ALBANY, N.Y. - New York state will gradually raise the minimum wage for fast-food workers to $15 an hour -- the first time any state has set the minimum that high.
Gov. Andrew Cuomo's administration formally approved the proposal Thursday, and the Democratic governor announced the decision at a labor rally with Vice President Joe Biden.
The approval comes after a panel created by Cuomo in July voted to hike the base pay for the roughly 200,000 fast-food workers in the state to $15 an hour.
In an op-ed piece published in the New York Times in May, Cuomo said the board convened by the state's labor commission would examine whether the minimum wage in the fast-food industry is sufficient to provide for the life and health of its workers.
Cuomo on Thursday said he'll work to make the $15 minimum apply to all employees -- a promise that comes as more and more cities around the country move toward a $15 minimum wage.
"Every working man and woman in the state of New York deserves $15 an hour," the governor said. "We're not going to stop until we get it done."
Biden predicted New York's move would galvanize efforts across the country.
"You're going to make every single governor in every single state in America look at themselves," he said at the rally in New York City. "It's going to have a profound impact."
He said he and President Barack Obama also remain committed to raising the federal minimum wage to $12 an hour.
The wage hike for fast-food workers in New York will be phased in over three years in New York City and over six years elsewhere in the state. It will apply to employees at large chain restaurants.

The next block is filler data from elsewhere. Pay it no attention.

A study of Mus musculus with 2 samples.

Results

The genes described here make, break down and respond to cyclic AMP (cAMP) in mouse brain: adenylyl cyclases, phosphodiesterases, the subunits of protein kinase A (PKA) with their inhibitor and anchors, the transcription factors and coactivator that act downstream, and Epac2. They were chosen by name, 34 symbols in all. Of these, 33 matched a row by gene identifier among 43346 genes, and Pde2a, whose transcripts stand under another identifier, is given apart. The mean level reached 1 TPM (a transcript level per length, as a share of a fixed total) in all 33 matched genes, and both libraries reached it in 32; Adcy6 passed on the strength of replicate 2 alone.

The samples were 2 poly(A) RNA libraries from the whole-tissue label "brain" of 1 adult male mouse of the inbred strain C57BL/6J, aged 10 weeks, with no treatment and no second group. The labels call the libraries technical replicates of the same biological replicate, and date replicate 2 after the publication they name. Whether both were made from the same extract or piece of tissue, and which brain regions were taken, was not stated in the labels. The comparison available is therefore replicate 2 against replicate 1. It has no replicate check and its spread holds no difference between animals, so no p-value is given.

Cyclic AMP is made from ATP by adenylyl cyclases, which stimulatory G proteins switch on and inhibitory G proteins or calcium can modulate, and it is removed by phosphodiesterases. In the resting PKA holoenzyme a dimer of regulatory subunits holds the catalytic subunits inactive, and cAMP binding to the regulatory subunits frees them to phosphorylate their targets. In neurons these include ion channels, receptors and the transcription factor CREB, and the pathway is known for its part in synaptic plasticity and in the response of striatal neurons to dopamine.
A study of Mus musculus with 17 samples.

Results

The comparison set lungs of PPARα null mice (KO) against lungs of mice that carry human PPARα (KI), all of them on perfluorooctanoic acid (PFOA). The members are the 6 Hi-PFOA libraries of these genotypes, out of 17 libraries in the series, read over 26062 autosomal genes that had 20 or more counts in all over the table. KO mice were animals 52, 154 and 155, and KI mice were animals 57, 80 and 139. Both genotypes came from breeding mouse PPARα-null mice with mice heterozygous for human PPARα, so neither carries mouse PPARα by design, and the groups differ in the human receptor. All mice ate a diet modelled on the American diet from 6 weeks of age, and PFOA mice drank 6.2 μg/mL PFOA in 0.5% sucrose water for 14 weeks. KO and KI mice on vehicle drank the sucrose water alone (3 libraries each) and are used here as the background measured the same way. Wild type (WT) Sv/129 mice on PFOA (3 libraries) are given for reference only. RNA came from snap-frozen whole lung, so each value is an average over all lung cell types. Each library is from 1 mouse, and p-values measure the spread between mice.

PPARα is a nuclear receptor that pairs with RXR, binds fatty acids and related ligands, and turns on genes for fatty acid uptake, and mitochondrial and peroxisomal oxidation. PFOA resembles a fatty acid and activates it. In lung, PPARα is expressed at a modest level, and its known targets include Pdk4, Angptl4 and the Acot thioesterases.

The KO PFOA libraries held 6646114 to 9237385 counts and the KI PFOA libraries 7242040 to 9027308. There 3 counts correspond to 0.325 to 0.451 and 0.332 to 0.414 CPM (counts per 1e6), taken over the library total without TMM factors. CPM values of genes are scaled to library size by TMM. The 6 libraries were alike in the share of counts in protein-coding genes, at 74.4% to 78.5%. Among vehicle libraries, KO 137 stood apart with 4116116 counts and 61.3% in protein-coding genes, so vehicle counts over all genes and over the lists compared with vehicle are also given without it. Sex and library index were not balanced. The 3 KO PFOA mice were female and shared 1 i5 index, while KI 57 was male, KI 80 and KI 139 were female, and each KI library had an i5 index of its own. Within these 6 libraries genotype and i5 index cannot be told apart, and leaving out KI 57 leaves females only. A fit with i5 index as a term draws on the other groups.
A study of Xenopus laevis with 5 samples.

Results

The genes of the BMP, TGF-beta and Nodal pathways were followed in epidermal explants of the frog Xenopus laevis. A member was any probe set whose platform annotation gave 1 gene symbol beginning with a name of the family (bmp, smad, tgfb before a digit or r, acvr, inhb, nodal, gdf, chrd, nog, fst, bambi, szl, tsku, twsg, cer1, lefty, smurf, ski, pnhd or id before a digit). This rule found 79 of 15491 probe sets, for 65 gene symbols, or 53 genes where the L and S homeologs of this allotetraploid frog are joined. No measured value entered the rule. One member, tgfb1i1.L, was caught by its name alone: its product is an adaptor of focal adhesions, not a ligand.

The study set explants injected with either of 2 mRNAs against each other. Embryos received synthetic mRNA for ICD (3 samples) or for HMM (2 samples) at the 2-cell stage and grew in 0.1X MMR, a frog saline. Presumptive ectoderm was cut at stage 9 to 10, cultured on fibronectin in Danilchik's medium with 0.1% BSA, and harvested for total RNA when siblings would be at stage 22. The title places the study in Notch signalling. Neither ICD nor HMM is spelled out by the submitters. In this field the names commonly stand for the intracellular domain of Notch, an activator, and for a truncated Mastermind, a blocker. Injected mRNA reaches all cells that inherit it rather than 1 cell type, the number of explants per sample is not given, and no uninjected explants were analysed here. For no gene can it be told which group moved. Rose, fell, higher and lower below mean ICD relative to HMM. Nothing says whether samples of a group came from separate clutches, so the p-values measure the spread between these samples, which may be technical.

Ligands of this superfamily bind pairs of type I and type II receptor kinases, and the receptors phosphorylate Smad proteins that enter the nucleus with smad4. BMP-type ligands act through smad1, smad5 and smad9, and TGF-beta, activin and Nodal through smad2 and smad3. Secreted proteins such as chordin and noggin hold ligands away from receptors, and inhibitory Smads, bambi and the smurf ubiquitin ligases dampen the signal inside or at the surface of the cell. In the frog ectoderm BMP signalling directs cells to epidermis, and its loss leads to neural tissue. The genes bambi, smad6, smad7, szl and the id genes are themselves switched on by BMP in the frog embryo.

So far, the cities of Los Angeles, Seattle and San Francisco, and the California cities of Oakland and Berkeley have approved phased-in increases that eventually will take their minimum wage to $15 an hour, or about $31,200 a year.
New York's increase was recommended by an unelected Wage Board created by Cuomo -- a tactic that allowed the governor to circumvent the legislature, where proposed minimum wage increases have recently stalled in the Republican-controlled state Senate.
Fast-food workers say the current $8.75 wage forces many into poverty and isn't sufficient to cover rent, medical care and rising costs of living.
As would be expected, worker advocates praised Cuomo's move.
"This is a landmark victory for workers and a harbinger of change to come across the country," Sriram Madhusoodanan, director, Value [the] Meal campaign at Corporate Accountability International, said in an emailed statement. "It's now clearer than ever that people will no longer allow corporations like McDonald's (MCD) to get away with poverty wages."
A group of restaurant owners is considering a legal challenge to the increase. Republican lawmakers unhappy with how the increase was decided held a hearing on the process Thursday.
Pat Pipino, owner of a Ben & Jerry's ice cream shop in Saratoga Springs, said some franchise owners could be forced out of business by the increase. He predicted that others may be forced to raise prices or cut positions to absorb the higher labor costs.
"By executive fiat, with the stroke of a pen, our financial model goes to pot," he said.
The federal minimum wage of $7.25 an hour has not budged since 2009, but since the start of 2014, 14 states have boosted their hourly rate, and the effective minimum wage has increased in 26 states and the District of Columbia. The minimum pay tops the federal mandate in 29 U.S. states.
The numbers come from the Economic Policy Institute, which in July published an interactive map that shows where things stood as of July 10.